The State of Colorado joined many other states by putting into effect its own Clean Indoor Air Act in July 2006. The main goal of this act is to protect “nonsmokers from involuntary exposure to environmental tobacco smoke.”
According to the General Smoking Restrictions section of the Colorado Clean Indoor Act, smoking is prohibited in public meeting places, in all elevators, in any government owned or operated vehicle, including mass transportation, and in all limousines and taxicabs. Smoking is also banned in grocery stores, gymnasiums, child care facilities, health care facilities including doctor offices and clinics and indoor sports arenas. Government buildings, such as courthouses are also smoke free. Other places smoking is prohibited are food service establishments, bars, gaming establishments, any common are in public or private buildings such as lobbies, hallways and restrooms. Hotels and motels must prohibit smoking in their common areas as well as in 75% of their guest rooms. Smoking is also banned in bowling alleys, pool halls and any other facility where games of chance are offered. This act furthermore bans smoking from common areas of retirement establishments, but not in the residents private quarters. And lastly, smoking is banned in auditoriums, theaters, museums, libraries and all schools, both public and private.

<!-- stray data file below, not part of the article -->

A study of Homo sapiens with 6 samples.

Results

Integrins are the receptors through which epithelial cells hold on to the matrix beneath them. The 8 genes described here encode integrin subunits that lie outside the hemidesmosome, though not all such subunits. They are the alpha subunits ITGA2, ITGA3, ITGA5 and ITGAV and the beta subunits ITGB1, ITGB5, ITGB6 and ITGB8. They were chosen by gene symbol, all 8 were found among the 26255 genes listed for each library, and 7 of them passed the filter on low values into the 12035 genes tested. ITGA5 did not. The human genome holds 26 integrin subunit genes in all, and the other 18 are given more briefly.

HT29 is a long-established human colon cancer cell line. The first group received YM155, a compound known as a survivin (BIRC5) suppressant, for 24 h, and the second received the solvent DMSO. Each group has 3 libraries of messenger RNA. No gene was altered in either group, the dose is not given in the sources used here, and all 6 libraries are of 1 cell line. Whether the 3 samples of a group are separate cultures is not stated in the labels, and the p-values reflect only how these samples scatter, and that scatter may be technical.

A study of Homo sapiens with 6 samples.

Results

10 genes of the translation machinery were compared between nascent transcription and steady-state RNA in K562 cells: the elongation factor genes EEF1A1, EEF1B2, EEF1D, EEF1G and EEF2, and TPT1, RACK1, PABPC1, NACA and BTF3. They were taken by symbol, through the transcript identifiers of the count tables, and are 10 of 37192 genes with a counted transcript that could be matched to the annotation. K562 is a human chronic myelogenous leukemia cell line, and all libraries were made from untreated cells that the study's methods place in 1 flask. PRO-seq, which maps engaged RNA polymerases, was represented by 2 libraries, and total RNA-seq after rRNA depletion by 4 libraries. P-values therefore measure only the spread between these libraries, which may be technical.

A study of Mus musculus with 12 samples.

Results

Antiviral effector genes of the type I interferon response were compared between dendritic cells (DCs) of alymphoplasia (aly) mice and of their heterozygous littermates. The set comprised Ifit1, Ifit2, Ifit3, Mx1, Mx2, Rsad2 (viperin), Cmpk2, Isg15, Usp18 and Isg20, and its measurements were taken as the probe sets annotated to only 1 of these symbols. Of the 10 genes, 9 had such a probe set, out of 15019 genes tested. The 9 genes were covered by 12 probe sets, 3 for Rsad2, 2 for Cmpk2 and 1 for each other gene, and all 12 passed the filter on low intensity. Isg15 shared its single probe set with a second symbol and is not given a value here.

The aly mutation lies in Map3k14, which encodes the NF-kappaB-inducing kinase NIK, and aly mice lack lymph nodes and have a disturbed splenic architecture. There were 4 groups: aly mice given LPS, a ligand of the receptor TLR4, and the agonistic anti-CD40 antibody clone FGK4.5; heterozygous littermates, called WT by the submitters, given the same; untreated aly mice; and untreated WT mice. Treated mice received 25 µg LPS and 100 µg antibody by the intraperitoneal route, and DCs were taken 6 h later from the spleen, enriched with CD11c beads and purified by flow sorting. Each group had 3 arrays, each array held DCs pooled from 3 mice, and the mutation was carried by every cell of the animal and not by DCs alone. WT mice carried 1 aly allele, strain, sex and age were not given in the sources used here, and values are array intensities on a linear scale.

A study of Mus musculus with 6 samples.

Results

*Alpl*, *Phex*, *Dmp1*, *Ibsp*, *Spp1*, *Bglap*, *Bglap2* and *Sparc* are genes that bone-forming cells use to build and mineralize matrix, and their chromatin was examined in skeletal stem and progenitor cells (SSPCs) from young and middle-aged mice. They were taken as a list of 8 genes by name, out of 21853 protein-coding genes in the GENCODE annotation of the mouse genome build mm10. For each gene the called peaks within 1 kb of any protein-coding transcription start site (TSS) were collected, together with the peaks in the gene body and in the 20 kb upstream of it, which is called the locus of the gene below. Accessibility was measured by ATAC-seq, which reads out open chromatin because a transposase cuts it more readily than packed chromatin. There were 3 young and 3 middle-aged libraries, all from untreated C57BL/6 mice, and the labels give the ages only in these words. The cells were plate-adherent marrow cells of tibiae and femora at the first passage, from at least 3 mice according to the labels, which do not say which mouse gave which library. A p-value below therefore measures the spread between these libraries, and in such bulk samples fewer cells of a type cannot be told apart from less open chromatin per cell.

The General Smoking Restrictions of this Act also prohibits cigar or tobacco bars from increasing in size or changing locations. Any cigar or tobacco bar must also post signs in at least one conspicuous area, the sign must be at least 4″ x 6″, and must state:”Smoking allowed. Children under eighteen years of age must be accompanied by a parent or guardian.”
As with other Clean Air Acts, the Colorado Clean Indoor Air Act has exemptions. Private homes and automobiles are exempt except when they are used as a child care or day care establishment or to transport children. Limousines privately hired are also exempt. Businesses exempt include retail tobacco establishments, cigar-tobacco bars, airport smoking concession areas and the retail floor of a licensed casino.
Any person charged with violating this act is can be charged with a Class 2 Petty Offense and if convicted will be ordered to pay a fine for each violation. Violation number one is punishable by a fine up to $200, the second offense is punishable with a fine up to $300 and any additional violations will be fines up to $500 each provided all these violations are committed in the same calendar year.